Health care facilities may fail to accommodate individuals with spinal cord injury
Spinal cord injury (SCI) is an irreversible, debilitating injury that can cause lifelong complications, including immobility, chronic pain, weakness, breathing problems, and heart problems. Unfortunately, many individuals with SCI are unable to access the services and supports they need to manage the condition. To ensure that all patients receive the highest standard of care, health care providers are interested to understand the obstacles faced by people with SCI who seek services for their injury-related health complications.
A team of researchers recently conducted a study of barriers and facilitators to care among SCI patients living in the greater Gaborone area, Botswana. Importantly, the researchers noted that many patients in Africa walk long distances over inhospitable terrain to obtain health care, presenting significant challenges to mobility-impaired individuals. To address these concerns, they collected data from 57 adult patients who sustained SCI, finding that:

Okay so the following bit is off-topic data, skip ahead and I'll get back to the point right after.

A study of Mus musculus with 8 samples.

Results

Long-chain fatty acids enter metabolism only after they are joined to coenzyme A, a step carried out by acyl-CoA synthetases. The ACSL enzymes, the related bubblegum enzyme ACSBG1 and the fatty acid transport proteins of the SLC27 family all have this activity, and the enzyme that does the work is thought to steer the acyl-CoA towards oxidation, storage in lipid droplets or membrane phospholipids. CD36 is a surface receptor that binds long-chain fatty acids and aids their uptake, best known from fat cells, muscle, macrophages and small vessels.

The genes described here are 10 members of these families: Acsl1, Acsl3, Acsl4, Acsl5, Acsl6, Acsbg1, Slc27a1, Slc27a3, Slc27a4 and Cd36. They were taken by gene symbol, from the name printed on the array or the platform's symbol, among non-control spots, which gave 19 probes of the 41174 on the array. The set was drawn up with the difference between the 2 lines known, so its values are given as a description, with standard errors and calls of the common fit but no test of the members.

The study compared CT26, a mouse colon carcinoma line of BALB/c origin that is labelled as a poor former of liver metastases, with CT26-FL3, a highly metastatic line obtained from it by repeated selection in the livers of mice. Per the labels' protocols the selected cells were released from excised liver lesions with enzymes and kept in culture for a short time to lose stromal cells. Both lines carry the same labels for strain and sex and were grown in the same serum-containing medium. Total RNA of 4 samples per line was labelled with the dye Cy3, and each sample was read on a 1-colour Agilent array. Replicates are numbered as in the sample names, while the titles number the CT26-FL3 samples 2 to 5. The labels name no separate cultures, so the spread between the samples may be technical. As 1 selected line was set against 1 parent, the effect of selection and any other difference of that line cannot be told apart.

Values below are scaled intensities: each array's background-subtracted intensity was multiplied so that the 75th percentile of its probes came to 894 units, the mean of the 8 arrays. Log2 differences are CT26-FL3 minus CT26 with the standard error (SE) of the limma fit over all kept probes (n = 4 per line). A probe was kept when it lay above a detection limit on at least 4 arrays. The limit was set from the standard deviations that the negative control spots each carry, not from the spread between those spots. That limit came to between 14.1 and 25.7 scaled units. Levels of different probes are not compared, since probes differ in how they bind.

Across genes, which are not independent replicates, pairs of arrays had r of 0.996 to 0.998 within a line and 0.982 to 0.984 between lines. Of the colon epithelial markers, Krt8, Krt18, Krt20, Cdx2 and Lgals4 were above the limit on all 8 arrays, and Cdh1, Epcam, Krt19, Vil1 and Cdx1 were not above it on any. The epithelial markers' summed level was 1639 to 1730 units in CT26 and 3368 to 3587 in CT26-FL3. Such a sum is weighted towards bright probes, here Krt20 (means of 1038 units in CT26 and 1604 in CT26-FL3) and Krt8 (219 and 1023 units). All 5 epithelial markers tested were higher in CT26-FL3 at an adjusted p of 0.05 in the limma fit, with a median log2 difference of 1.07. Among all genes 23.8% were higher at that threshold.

- Most (63%) of the participants were satisfied with clinical services, and they reported a better experience when they experienced respect, preferential treatment, short wait times, and convenient hours.
- About 70% of patients indicated that their clinician had insufficient knowledge of SCI. More than 80% reported that clinical facilities had a shortage of medications and consumable medical supplies (such as gloves and bandages).
- Many patients were unable to access care as a result of structural deficiencies. About half could not enter the facility or use the facility’s restrooms without assistance, and they often reported that examination chairs did not accommodate wheelchair height.
Although many SCI patients have significant health care needs, clinical facilities may fail to accommodate them. There remains an urgent need to guarantee that services and supports for people with SCI are available, accessible, and affordable.
Paulus-Mokgachane MM, Visagie SJ, & Mji G. Access to primary care for persons with spinal cord injury in the greater Gaborone area, Botswana. African Journal of Disability. (September 2019).